11 Illnesses Making Their Way Through Michigan
It's that time of year in Michigan.
It seems like every other person you know is sick with something. And don't even get me started on kids. I had to pick up my little from daycare this week because she was sick, and the daycare mentioned that they had been sending about one to two kids home everyday that week.
That being said, there are a few illnesses going around that you should really be on the lookout for. Thankfully, there are some preventative measures and steps that you can take to help prevent these illnesses.
Dr. Paul Entler, Chief Medical Officer for Sparrow Health, encourages people (especially those who are elderly, pregnant, young children, or those who have compromised immune systems), to get vaccinated. "She also encourages hand washing, cleaning contaminated areas, and wearing a mask if needed."
Respiratory syncytial (sin-SISH-uhl) virus, or RSV, is a common respiratory virus that usually causes mild, cold-like symptoms. Most people recover in a week or two, but RSV can be serious. Infants and older adults are more likely to develop severe RSV and need hospitalization.
Bronchiolitis is a common lung infection in young children and infants. It causes swelling and irritation and a buildup of mucus in the small airways of the lung. These small airways are called bronchioles. Bronchiolitis is almost always caused by a virus. Bronchiolitis starts out with symptoms much like a common cold. But then it gets worse, causing coughing and a high-pitched whistling sound when breathing out called wheezing.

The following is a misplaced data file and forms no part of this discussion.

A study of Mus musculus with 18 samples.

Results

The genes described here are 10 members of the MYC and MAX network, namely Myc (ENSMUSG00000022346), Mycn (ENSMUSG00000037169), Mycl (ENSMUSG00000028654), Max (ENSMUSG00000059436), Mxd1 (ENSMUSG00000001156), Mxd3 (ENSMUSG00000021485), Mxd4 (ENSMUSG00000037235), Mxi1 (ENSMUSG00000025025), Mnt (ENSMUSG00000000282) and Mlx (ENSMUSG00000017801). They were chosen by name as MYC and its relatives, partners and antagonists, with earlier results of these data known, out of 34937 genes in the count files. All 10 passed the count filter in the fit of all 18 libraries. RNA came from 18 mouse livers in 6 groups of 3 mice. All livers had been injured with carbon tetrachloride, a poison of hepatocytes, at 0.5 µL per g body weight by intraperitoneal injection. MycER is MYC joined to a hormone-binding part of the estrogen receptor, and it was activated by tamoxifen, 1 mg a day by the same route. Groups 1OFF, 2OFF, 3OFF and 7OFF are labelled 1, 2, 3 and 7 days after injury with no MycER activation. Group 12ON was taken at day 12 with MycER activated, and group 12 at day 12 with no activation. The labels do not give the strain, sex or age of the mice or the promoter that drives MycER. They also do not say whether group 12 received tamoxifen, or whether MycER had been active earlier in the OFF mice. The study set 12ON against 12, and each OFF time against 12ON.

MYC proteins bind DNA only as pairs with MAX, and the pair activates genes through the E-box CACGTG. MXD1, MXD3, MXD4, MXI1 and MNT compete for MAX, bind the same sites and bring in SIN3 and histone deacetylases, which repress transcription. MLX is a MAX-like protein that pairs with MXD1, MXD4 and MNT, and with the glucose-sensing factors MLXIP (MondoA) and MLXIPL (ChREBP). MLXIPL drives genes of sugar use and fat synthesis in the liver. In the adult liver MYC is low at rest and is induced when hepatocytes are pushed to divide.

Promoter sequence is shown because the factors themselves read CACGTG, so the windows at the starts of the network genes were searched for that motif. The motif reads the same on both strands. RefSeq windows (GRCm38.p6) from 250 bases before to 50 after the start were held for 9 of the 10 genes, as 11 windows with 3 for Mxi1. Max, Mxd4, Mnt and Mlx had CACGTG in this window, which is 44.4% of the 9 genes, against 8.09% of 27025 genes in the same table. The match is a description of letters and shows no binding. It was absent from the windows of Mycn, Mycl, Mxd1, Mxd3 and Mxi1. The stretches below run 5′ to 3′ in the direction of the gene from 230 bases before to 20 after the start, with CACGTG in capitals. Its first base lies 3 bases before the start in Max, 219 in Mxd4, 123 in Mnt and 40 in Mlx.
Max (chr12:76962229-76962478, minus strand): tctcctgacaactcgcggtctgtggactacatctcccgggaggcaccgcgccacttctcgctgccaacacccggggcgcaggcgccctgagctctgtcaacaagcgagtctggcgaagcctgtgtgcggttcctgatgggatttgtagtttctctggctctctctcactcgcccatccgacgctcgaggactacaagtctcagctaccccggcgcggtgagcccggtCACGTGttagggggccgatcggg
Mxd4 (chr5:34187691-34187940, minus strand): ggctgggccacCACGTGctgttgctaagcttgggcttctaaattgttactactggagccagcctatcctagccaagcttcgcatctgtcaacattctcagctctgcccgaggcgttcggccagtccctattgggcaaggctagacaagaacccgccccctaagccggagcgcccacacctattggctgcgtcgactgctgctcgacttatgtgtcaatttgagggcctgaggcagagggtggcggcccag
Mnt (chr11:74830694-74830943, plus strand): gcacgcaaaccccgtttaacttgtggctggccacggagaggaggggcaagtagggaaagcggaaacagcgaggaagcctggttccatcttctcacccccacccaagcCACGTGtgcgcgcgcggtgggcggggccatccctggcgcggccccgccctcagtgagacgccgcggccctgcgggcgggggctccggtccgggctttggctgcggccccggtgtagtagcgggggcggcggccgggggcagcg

Flu is a contagious respiratory illness caused by influenza viruses that infect the nose, throat, and sometimes the lungs. It can cause mild to severe illness, and at times can lead to death. Symptoms include fever, cough, sore throat, runny/stuffy nose, muscle or body aches, headaches, fatigue, vomiting, and diarrhea.
A cough that persists for several weeks or one that brings up discolored or bloody mucus may indicate a condition that needs medical attention.
Most people infected with the virus will experience mild to moderate respiratory illness and recover without requiring special treatment. However, some will become seriously ill and require medical attention.
Croup refers to an infection of the upper airway, which becomes narrow, making it harder to breathe. Croup also causes a cough that sounds like barking.
Enteroviruses (en-teh-roe-VY-rus-sez) are a common cause of infection in people of all ages, with symptoms that can range from mild to serious. Most enterovirus infections happen in the summer and fall.
Viral gastroenteritis is an intestinal infection that includes signs and symptoms such as watery diarrhea, stomach cramps, nausea or vomiting, and sometimes fever.
Strep throat is a bacterial infection that can make your throat feel sore and scratchy. Strep throat accounts for only a small portion of sore throats. If untreated, strep throat can cause complications, such as kidney inflammation or rheumatic fever. Rheumatic fever can lead to painful and inflamed joints, a specific type of rash, or heart valve damage.
An ear infection (sometimes called acute otitis media) is an infection of the middle ear, the air-filled space behind the eardrum that contains the tiny vibrating bones of the ear. Children are more likely than adults to get ear infections.
An upper respiratory infection affects the upper part of your respiratory system, including your sinuses and throat. Upper respiratory infection symptoms include a runny nose, sore throat and cough. Treatment for upper respiratory infections often includes rest, fluids and over-the-counter pain relievers. Infections usually go away on their own.